We all grew up on his fantastic tales about talking foxes, giant peaches, and marvellous medicine but what about his most famous entrepreneur?
Willy Wonka is probably the best-known factory owner in the world, and the most mysterious. But when Roald let us into the Chocolate Factory in 1964, we got a look at what life working for Mr.Wonka was like.
Now, he might not be the perfect manager (after all, he did turn poor Violet Beauregard into a blueberry), but there are some lessons to be learned in how he runs the Wonka factory.
Willy Wonka might be a little eccentric, but this helps him to think outside the box and develop seemingly impossible products like ice cream that doesn’t melt or moving, chirping chocolate birds.
His attitude is infectious. He’s inventive, charismatic and fun which helps drive enthusiasm and productivity in his employees.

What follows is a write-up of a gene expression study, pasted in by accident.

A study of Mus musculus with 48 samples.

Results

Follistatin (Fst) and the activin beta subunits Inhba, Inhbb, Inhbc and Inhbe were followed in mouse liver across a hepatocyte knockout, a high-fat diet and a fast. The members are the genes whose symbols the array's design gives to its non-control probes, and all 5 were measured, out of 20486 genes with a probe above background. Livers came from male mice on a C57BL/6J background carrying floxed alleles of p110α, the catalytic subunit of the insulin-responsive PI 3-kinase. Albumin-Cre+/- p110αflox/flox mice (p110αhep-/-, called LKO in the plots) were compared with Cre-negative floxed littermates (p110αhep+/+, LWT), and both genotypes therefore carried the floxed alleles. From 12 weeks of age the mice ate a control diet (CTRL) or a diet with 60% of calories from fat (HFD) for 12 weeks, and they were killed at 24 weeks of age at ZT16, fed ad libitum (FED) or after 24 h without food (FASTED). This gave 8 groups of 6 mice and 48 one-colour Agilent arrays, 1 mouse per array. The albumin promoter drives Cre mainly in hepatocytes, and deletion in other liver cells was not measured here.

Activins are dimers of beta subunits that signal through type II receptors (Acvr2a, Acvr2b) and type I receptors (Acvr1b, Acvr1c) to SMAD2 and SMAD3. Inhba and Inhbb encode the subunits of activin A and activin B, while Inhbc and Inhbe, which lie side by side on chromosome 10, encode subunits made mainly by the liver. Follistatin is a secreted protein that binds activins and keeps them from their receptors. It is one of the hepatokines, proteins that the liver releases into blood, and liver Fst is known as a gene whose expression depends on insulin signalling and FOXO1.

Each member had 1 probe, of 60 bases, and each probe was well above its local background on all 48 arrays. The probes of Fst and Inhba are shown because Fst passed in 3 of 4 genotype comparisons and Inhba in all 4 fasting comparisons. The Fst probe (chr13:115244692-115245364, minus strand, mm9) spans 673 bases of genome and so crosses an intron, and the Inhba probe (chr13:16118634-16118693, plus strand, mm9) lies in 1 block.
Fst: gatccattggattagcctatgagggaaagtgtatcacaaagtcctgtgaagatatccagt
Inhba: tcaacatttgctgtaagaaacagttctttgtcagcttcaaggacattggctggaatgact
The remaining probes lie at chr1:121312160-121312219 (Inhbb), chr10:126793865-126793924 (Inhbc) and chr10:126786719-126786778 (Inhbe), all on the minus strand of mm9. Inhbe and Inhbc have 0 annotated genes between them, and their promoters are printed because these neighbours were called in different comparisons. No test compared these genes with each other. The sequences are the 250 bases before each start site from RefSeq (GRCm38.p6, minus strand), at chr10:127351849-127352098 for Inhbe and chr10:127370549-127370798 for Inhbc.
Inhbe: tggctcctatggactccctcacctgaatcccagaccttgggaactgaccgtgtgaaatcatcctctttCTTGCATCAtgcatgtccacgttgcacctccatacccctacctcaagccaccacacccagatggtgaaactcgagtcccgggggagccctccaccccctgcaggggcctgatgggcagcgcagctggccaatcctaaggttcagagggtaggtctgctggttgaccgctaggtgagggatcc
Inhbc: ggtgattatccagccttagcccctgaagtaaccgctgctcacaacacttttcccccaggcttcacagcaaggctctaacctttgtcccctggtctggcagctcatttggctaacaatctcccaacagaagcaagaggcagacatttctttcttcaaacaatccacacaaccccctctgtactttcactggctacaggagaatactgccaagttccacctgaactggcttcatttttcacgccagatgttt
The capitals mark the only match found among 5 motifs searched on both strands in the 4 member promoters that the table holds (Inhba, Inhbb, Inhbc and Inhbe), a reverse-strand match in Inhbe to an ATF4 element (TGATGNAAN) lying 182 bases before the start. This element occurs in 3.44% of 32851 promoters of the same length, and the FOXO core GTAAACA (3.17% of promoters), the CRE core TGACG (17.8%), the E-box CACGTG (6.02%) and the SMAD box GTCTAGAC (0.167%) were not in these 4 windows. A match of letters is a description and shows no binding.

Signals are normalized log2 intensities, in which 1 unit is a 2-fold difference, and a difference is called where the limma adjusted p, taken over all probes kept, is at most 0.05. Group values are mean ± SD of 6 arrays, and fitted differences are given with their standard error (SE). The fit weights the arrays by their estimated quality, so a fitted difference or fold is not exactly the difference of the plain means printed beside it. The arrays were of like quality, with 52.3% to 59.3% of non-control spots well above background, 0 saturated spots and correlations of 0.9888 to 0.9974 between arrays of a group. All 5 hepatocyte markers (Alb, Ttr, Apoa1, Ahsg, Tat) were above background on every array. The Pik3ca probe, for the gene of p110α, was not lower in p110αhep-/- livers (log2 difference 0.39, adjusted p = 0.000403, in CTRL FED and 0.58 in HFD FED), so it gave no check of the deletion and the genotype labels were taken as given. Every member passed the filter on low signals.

All great managers are committed to success – to the project, team, and business.
Mr.Wonka is so committed to the development of amazing candy that he doesn’t even have an heir to pass his factory down to when he wants to retire, leading to his plan to find one with his Golden Ticket competition.
You probably don’t want to give up your family, but throwing into a project with your team will get you all through trying times.
Spot and develop great talent.
Willy Wonka goes to great lengths to find an heir to the Wonka Empire. But from running his golden ticket competition, he comes across Charlie Bucket.
Though Charlie comes across as timid and quiet, Wonka sees the inner strength and virtue that makes him want to take Charlie on as his protegé.
What inspires you to want to work for your boss?
For the Oompa Loompas, it’s their safety in the Wonka factory from the fierce predators of Loompaland and the promise of all the cacao beans they can eat.
In the real world, that means making staff feel safe and appreciated at work. And you won’t have to save any of your staff from being carried away by a hungry Hornswoggler.
Taking what Willy Wonka does and applying it to the real world isn’t as difficult as it sounds. Inspire through creativity, commit to your projects, develop your team, make your team feel safe and appreciated and don’t turn them into blueberries and you’ll soon have a team of staff running at 100%.